I have a feeling Christopher Dorner’s manifesto and his killing spree will likely be examined for years to come, especially by mental health experts who try to determine what made him snap. Dorner’s reasons for killing cops and their families were spelled out in his manifesto, which named those who he felt treated him unfairly. He expressed anger for feeling disrespected for reporting police brutality, as well as for being fired from the LAPD in 2009. Experts I spoke with said he likely was suffering from “a trifecta of intellegence, mental illness, and paranoia.” Dorner also was a veteran who had served in Iraq recently and who also was dismissed from the Naval Reserves this month (Feb. 2). But what remains troubling to many are the Dorner supporters who say his anger was justified, even if he had to kill innocents to get noticed. I do not support their claim. Does that mean Ted Kaczynski was justified? I also can’t help but think of Valerie Solanas’ SCUM Manifesto, which she peddled on the streets of New York, but which went largely unnoticed until she shot Andy Warhol. Her life was depicted in the bio-film “I Shot Andy Warhol” with the always excellent Lili Taylor.
Below is a photograph of me interviewing Riverside Police Chief Sergio Diaz during a press conference announcing a $1 million reward for information leading to the capture and conviction of Christopher Dorner. Here’s part of my story on Dorner’s manifesto (Daily News, Feb. 2013):
In his 11,000-word manifesto, former police officer Christopher Jordan Dorner writes he’ll kill his way through the Los Angeles Police Department until he reclaims his name and identity.
“This is a necessary evil that I do not enjoy but must partake and complete for substantial change to occur within the LAPD and reclaim my name,” he wrote.
His chilling statements, found on his Facebook page, portray a deeply intelligent and opinionated man, one who promotes gay rights and gun control, but whose mind has unraveled, likely due to mental illness, paranoia and possibly unresolved trauma, experts said Thursday.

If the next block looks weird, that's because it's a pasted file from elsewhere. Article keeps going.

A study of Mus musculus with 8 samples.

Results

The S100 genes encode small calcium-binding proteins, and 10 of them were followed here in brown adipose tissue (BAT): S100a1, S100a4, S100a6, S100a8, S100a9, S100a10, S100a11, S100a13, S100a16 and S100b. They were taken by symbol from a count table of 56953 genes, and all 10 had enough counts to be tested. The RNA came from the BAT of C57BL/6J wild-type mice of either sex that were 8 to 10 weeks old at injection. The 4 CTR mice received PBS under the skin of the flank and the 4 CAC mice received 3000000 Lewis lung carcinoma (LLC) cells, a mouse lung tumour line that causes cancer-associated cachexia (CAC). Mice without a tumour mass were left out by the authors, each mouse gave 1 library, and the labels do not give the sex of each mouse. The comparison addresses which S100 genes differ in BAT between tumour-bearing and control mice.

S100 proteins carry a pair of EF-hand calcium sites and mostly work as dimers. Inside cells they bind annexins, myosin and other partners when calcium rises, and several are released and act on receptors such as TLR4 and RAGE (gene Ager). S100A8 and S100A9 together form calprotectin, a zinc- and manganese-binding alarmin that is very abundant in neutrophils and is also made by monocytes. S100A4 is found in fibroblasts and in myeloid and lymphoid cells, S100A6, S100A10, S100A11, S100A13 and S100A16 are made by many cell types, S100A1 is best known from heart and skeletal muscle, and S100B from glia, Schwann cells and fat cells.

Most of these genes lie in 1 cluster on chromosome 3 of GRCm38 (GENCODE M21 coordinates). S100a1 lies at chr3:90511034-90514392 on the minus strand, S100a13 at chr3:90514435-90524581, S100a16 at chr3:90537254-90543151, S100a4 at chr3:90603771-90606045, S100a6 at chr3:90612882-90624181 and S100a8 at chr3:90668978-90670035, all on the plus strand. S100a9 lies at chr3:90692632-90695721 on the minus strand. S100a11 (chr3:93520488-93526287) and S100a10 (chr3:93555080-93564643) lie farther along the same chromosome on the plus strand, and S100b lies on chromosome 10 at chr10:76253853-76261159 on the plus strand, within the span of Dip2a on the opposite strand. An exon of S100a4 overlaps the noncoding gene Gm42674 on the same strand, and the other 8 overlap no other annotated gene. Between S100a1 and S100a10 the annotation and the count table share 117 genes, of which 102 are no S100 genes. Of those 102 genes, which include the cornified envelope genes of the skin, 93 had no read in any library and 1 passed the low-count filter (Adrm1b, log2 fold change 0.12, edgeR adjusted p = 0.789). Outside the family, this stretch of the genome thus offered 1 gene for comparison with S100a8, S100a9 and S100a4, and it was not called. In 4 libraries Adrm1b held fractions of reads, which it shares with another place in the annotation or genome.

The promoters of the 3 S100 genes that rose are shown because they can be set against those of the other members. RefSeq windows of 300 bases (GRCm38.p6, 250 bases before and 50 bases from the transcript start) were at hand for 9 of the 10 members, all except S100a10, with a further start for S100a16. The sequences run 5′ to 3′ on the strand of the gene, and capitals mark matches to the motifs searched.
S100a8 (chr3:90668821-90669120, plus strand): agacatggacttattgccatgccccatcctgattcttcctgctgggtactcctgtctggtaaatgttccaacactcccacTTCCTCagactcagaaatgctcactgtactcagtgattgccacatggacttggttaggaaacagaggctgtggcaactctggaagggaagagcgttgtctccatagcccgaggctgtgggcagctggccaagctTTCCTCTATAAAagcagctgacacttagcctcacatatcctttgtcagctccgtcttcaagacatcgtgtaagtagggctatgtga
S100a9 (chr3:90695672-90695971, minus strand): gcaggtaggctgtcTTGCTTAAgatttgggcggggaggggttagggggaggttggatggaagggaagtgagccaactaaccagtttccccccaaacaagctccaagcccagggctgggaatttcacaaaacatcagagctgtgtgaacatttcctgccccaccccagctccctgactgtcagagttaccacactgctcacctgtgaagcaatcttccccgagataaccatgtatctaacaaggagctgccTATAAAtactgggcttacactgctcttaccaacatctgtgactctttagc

“It’s not about him being against law enforcement,” said Brian Levin, a professor of criminal justice at Cal State San Bernardino and a former LAPD officer.
“We’re talking about someone who basically perceives that a tremendous injustice has been done to him that took his life and his identity,” Levin said. “Now he’s at war.”
Dorner, 33, of La Palma is wanted in the killings of Cal State Fullerton assistant basketball coach Monica Quan and her fiance, Keith Lawrence, in Irvine on Sunday. Quan is the daughter of former police captain Randal Quan, who represented Dorner in his departmental hearing that resulted in his firing from the LAPD in 2008.
Police said Dorner exchanged gunfire with police officers in Corona about 1 a.m. Thursday, grazing the head of one of them. About a half hour later, Dorner then ambushed two Riverside officers, killing one, police said.
Experts who examined his manifesto said Dorner expresses a range of emotions, from outrage over racism he experienced as a first-grader to a violent incident as a rookie police officer, to his anguish witnessing a fellow cop beating a mentally ill man. Dorner also offers his admiration for Ellen DeGeneres, Charlie Sheen, Hillary Clinton and President George H.W. Bush.
But it was his dismissal as commanding officer of a Naval Security Forces reserve unit this month that may have unleashed frustration from years of feeling disrespected, experts said. As a result, he wants to “eradicate the symbols of injustice,” Levin said.
“The Violence of action will be HIGH,” Dorner writes on his manifesto. “I am the reason TAC alert was established. I will bring unconventional and asymmetrical warfare to those in LAPD uniform whether on or off duty … You will now live the life of prey.”
Levin and others say Dorner is not only a risk to police, but others, because he justifies the killings.
“He clearly believes that by his current actions, that he is going to be able to trigger major changes in the way LAPD treats people,’ said Diane Vines, a professor of nursing at Mount St. Mary’s College in Los Angeles who specializes in post-traumatic stress disorder among veterans and civilians.
“It’s almost a duty in his mind to make these things right, for the sake of other people, not just his own sake,” Vines said. “It’s a calling that he’s taken on.”